Childhood asthma linked to pre-birth acetaminophen exposure

By Rebecca Burton • Published: May 2nd, 2016
Category: Health in a Heartbeat

If you’ve ever had a fever, headache or back pain, you’ve probably taken acetaminophen. The widely used pain reliever and fever reducer is helpful for shaking off a pounding headache.

But pregnant women, take note: A recent study published in the International Journal of Epidemiology found that taking acetaminophen has risks. Researchers at the Norwegian Institute of Public Health in Oslo found that children whose mothers took the drug during pregnancy were more likely to develop asthma by age 3.

Previous research also found this to be true, but it was unknown whether the childhood asthma was due to the acetaminophen use or an underlying medical condition such as the flu. The current study concluded that it was solely the use of the medication during pregnancy that caused the asthma.

During the study, researchers analyzed data from more than 100,000 children and mothers. They found that 5.7 percent of the children whose mothers who took the drug during pregnancy had asthma at age 3, and 5.1 percent had it at age 7. The link was more prevalent when women took the drug for more than one reason.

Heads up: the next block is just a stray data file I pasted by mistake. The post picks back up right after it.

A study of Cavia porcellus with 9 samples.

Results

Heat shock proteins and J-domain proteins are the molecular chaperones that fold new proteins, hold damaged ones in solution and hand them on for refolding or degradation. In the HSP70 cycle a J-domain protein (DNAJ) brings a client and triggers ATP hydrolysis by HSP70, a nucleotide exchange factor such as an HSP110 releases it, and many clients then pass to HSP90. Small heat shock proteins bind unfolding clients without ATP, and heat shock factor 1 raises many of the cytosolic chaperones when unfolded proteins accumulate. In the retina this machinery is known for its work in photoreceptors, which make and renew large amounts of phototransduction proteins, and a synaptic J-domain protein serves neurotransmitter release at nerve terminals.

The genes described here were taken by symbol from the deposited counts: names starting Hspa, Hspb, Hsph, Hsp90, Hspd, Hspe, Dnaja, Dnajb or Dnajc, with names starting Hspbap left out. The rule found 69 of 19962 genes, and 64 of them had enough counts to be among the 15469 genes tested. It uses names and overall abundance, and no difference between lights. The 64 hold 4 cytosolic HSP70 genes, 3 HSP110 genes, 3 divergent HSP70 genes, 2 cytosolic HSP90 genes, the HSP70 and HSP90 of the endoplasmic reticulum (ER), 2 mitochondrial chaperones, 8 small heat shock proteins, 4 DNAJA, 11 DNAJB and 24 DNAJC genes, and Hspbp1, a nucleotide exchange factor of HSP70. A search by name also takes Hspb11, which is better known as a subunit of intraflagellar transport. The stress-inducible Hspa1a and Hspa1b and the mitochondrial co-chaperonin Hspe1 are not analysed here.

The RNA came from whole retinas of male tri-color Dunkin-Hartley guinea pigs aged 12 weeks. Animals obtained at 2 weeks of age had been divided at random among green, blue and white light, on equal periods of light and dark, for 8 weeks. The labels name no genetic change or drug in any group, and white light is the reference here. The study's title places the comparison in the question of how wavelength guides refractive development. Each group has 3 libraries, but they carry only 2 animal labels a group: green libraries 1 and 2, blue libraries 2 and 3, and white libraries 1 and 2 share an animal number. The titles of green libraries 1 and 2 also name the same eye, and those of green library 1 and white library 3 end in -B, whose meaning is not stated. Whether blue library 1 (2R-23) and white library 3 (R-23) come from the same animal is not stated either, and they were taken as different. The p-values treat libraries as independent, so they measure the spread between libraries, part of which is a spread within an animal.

While the findings show a link between asthma in children and mothers’ use of acetaminophen, the study’s authors noted that their findings alone do not warrant making changes to recommendations about using the medication during pregnancy. After a recent review of relevant studies, the U.S. Food and Drug Administration decided not to change its position on acetaminophen by expectant mothers. The agency advises pregnant women to consult their health care provider before taking any prescription or over-the-counter medicine.